Reich, Pärt and Davies find New life in Kuniko’s marimba

by Michael Johnson Michael Johnson is a music writer based in Bordeaux. He contributes music commentary to Facts & Arts, the International Herald Tribune, Boston Musical Intelligencer, Open Letters Monthly and Clavier Companion, among others. He is a former board member of the London International Piano Competition. 14.09.2013

Renowned Japanese percussionist Kuniko Kato makes stunning music from the simplest of instruments, stretching their sonorities to heights never previously heard on record. In her new CD, Kuniko Cantus (CKD 432, Linn Records), she shows what can be done when her insight into contemporary compositions converges with her talent for composing, arranging, careful choice of venue, sound engineering and even the programming of a CD.

The title track, Cantus in Memory of Benjamin Britten, is an Arvo Pärt composition arranged by Kuniko and supervised by Pärt.  She keeps to a pianissimo mood but gradually expands the piece with the addition of orchestral parts. When she has finished, 29 parts have been layered under the dominant tones of her marimba. As she writes exuberantly in her liner notes, “We had over 200 tracks by the end of this recording!”

She collaborated with Pärt, Steve Reich and  Hywel Davies in her arrangements and performances in these percussion versions of their work. She says she is drawn to contemporary composers because she wants to make minimalist music “more accessible”, and she achieves her goal brilliantly.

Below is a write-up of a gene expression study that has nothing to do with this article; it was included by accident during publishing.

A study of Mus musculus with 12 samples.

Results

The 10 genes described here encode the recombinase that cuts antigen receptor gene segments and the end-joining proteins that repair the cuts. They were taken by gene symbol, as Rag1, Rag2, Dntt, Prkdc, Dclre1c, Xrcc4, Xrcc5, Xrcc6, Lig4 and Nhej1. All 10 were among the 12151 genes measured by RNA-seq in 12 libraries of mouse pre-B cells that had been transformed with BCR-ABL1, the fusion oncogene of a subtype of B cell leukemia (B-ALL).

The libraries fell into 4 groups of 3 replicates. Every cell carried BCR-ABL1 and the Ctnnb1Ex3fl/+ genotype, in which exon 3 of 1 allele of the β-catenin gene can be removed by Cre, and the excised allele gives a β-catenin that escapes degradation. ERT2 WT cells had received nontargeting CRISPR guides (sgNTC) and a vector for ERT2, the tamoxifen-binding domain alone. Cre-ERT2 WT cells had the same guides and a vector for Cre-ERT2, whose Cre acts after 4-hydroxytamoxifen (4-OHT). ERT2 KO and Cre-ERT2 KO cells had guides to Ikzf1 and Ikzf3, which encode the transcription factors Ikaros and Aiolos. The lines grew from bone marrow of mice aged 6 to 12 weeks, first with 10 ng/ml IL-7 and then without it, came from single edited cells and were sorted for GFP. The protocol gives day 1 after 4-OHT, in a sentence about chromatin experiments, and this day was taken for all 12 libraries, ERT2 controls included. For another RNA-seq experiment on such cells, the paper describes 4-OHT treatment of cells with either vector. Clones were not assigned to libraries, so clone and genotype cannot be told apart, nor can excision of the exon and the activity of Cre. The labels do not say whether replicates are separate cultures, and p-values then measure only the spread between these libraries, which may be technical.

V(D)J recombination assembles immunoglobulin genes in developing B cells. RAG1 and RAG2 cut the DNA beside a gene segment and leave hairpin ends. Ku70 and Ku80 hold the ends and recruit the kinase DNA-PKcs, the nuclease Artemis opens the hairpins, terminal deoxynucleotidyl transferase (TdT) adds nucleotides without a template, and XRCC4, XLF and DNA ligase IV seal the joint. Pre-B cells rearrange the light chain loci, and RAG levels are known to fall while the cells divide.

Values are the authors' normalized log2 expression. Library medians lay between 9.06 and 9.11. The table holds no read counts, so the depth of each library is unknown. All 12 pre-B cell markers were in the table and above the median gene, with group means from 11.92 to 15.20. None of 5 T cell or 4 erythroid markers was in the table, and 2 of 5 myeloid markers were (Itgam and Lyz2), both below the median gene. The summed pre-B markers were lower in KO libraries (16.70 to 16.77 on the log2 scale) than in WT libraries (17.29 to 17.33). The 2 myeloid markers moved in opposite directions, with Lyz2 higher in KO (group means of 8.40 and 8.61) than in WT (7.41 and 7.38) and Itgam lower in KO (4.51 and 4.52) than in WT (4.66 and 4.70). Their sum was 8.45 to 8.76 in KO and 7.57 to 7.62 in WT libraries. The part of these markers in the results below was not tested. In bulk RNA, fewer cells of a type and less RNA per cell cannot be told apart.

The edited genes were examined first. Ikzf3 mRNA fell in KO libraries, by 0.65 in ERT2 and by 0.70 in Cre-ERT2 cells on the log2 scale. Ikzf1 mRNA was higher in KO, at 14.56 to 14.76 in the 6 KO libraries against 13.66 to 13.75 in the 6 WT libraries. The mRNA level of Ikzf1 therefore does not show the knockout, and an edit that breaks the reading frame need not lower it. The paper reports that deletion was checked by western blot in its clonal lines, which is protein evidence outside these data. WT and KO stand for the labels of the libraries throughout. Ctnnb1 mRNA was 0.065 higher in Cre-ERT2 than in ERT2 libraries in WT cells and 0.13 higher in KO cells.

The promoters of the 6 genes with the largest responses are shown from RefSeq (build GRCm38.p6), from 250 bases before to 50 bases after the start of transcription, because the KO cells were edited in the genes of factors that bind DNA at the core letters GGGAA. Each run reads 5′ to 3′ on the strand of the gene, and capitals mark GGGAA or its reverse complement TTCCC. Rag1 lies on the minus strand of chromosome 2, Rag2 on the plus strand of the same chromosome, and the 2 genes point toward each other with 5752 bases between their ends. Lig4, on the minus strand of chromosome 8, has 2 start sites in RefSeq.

A followup to an earlier Linn release, kuniko plays reich, this CD opens with Für Alina, a short and quiet Pärt piece for vibraphone and small brass cymbals known as crotales. It creates a perfect somnolent mood for the rest of the program. She then moves into Reich’s popular New York Counterpoint, replicating the original clarinet sound with special mallets and striking techniques on the marimba.

The most unusual piece is Davies’ Purl, another marimba composition that makes full use of the instrument’s five octaves.  Always attentive to resonances, Kuniko struggled through multiple takes, she says, to achieve the humming sound that Davies required.  I find myself agreeing with her description of the evocative images Davies has conceived. “When I close my eyes,” she writes, “I am greeted by visions of sunlight dancing on water, gently changing color.” 

Kuniko created and staged the Sound Space Experiment – Steel Drum Works four years ago in Tokyo and it still attracts an internet audience. This version of Ravel’s Bolero will stay in the memory for its extraordinary musicality and the evident joy Kuniko and a participating Tokyo audience derive from playing with oil drums, and rattles while she carries the melody on the Caribbean steel drums, marimba and vibraphone.

(Link to video for iPad Reades:

Kuniko is recognized internationally as perhaps the most innovative musician in her field of percussion. She has performed at the Huddersfield Contemporary Music Festival and has worked with such conductors and composers as James Wood, Seiji Ozawa, Iannis Xenakis, Toru Takemitsu and the late Franco Donatoni.

Her recordings for Linn, a Scottish label, have recently become available in the U.S. through Naxos. 

Kuniko’s commitment to living composers is a welcome step in her development as a mature musician.